AMD Radeon RX 5700 and RX 5700 XT Review
Published: 7th July 2019 | Source: AMD | Price: |
Any new processor, be it of the central or graphics variety, comes with a set of brand identifiers for the underlying technologies and the Radeon RX 5700 range is no exception. The 7nm process, as well as coming with the Navi codename, is based upon the RDNA architecture. Radeon DNA. This means compatibility with the current GCN instructions and yet optimised for ease of programmability and energy efficiency, with reworked Compute Units and SIMD - Single Machine, Multiple Data - for even faster processing and improved single-thread performance. Single thread performance is something we've also seen improved on the 3rd Generation Ryzen CPUs, so it's clearly something the AMD gurus have been working hard to improve. Additionally the Navi GPU can take advantage of PCI Express 4.0 with twice the bandwidth of the current PCI Express 3.0 setup.
We won't pretend that we understand the full ins and outs of the GPU layout, or how the redesign can aid performance beyond the obvious idea that the shorter the distance between each element the lower the latency and therefore the faster the performance can be. We are enthusiasts and journalists, not people with doctorates in silicon design. We are much like you, dear reader, in that "this is all very well but how fast can it run my games and how gorgeous do they look?". If you're desperate for a more technical explanation of how this all works then AMD have all the bumf and you're free to fill your boots. Maybe the fact that the RDNA architecture can group 64 threads as 2 Wave32 which are then executed by 2 SIMD32 for higher ALU utilisation means something to you. Us? We'll focus upon the bits that are more transparent to the end user.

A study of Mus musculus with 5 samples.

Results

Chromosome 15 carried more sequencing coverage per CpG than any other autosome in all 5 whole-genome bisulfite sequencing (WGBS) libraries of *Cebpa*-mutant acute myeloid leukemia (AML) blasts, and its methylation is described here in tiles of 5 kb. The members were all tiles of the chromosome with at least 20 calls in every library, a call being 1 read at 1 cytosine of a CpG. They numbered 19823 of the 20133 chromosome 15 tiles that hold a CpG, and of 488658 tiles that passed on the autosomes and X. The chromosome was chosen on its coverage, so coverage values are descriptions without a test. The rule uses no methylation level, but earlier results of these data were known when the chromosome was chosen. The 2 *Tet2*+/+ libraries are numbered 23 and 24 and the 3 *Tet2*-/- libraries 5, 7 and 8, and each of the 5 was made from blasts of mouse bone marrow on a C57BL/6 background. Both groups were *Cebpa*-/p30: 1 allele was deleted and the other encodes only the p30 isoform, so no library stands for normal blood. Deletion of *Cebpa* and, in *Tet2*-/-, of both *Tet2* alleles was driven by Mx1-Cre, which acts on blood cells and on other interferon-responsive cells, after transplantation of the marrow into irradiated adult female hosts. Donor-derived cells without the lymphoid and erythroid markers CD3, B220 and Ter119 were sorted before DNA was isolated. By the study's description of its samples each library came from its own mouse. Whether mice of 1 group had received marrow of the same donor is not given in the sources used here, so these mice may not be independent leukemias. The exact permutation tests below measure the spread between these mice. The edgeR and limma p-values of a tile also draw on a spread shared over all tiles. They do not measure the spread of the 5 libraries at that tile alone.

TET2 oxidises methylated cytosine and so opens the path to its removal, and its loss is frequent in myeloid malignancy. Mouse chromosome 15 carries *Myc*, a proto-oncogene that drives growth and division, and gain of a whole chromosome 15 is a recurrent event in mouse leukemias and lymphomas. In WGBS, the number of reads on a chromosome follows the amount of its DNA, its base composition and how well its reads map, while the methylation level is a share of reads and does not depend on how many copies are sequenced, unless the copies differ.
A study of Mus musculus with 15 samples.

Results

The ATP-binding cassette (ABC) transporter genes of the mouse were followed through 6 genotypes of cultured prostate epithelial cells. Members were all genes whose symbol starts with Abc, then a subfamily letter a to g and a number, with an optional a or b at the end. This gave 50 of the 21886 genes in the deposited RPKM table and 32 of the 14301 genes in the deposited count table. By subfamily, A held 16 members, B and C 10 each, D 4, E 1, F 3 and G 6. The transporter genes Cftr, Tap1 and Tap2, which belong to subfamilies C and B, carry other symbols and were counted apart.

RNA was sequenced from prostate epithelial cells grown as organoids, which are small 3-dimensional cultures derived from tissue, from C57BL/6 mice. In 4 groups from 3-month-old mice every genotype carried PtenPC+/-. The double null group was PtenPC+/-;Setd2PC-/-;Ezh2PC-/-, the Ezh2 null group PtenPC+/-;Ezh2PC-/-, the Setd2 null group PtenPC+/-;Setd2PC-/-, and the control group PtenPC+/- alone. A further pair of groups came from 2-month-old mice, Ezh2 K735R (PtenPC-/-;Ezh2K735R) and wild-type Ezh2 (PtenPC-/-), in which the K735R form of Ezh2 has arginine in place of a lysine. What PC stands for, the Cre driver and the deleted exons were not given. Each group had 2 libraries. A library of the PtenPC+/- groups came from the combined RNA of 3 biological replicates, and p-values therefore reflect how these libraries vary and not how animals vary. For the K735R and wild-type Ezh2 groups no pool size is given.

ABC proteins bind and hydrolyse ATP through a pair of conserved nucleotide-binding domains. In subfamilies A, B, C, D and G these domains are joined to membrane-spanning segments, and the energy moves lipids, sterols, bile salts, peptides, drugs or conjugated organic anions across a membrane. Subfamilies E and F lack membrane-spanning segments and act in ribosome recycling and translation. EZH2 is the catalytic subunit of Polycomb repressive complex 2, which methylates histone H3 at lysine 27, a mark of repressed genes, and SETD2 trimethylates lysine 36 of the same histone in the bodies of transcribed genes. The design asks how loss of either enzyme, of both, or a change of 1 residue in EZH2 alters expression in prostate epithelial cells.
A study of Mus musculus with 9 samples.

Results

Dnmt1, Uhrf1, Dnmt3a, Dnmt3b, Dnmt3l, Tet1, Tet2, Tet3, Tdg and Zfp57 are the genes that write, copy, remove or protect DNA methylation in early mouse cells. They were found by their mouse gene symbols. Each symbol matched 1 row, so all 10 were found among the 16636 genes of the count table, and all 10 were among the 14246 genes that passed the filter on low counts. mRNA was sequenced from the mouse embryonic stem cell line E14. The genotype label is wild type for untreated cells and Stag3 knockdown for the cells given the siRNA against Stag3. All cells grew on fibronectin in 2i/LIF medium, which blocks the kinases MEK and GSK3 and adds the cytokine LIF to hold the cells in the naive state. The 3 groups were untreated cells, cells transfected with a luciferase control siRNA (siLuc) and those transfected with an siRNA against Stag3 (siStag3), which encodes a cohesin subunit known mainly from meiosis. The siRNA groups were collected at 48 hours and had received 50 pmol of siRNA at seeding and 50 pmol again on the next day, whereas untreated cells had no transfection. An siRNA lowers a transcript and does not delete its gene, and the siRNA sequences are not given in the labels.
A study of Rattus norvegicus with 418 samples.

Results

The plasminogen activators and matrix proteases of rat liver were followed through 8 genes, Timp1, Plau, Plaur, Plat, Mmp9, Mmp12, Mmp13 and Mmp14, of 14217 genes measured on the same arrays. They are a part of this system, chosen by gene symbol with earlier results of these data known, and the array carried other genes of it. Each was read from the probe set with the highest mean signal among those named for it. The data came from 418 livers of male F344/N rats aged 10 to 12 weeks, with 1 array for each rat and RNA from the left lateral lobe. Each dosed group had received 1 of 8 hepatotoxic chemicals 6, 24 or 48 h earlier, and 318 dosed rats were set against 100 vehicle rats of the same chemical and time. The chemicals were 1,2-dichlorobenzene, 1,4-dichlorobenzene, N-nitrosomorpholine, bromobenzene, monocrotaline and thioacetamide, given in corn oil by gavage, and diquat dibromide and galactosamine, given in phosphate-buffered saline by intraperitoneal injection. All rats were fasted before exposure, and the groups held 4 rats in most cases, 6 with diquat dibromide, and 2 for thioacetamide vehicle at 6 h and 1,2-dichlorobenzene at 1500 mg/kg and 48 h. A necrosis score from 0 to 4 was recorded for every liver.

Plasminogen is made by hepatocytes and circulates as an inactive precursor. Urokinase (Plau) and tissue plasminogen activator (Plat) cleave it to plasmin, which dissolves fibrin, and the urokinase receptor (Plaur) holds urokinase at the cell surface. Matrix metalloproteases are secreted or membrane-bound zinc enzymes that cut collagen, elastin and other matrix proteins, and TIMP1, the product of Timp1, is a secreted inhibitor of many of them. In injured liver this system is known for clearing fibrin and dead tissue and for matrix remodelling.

Speaking of transparency, this is something we can get behind. 25% improvement in performance per clock when compared to the preceding GCN Radeon design. You don't require a PhD to understand that faster equals better in nearly all aspects of life. We spoke in our introduction about how the lessons learned in the design of the Ryzen processors have quickly taken root in the AMD DNA and it's clear that they not only understand how to make their processors useful, but how those improvements can be used to increase the effectiveness of their graphics cards.
We have to take a moment to appreciate the honesty of AMD too. Some manufacturers either cherry pick what information they give you so that their product always appears better than the competition, or do anything they can so as to not belittle anything they have previously produced. AMD are very up front about the areas in which they have had past failures, as well as the areas in which they equal rather than best the competition. Openness and truthfulness go a long way with us, particularly in these dark global times.
Whilst 1080 and to some extent 1440 gaming is very much a massive segment of the market, and the target the RX 5700 and RX 5700 XT aim to hit, AMD are aware that 4K gaming is a serious option, particularly with the rapid evolution in the display panel industry meaning that 4K screens are somewhat affordable. The Navi comes with AMD Radeon Image Sharpening, or RIS, which lets you render at 1440 and upscale to 4K, bringing the 1440 performance to 4K panels by by implementing an intelligent sharpening algorithm to negate any blurring that usually occurs during upscaling. If you've brought yourself a 4K screen but haven't necessarily got the hardware power to run 4K60 then it's a good compromise between the easier overheads of lower resolution and the crispness you can only get at native resolutions.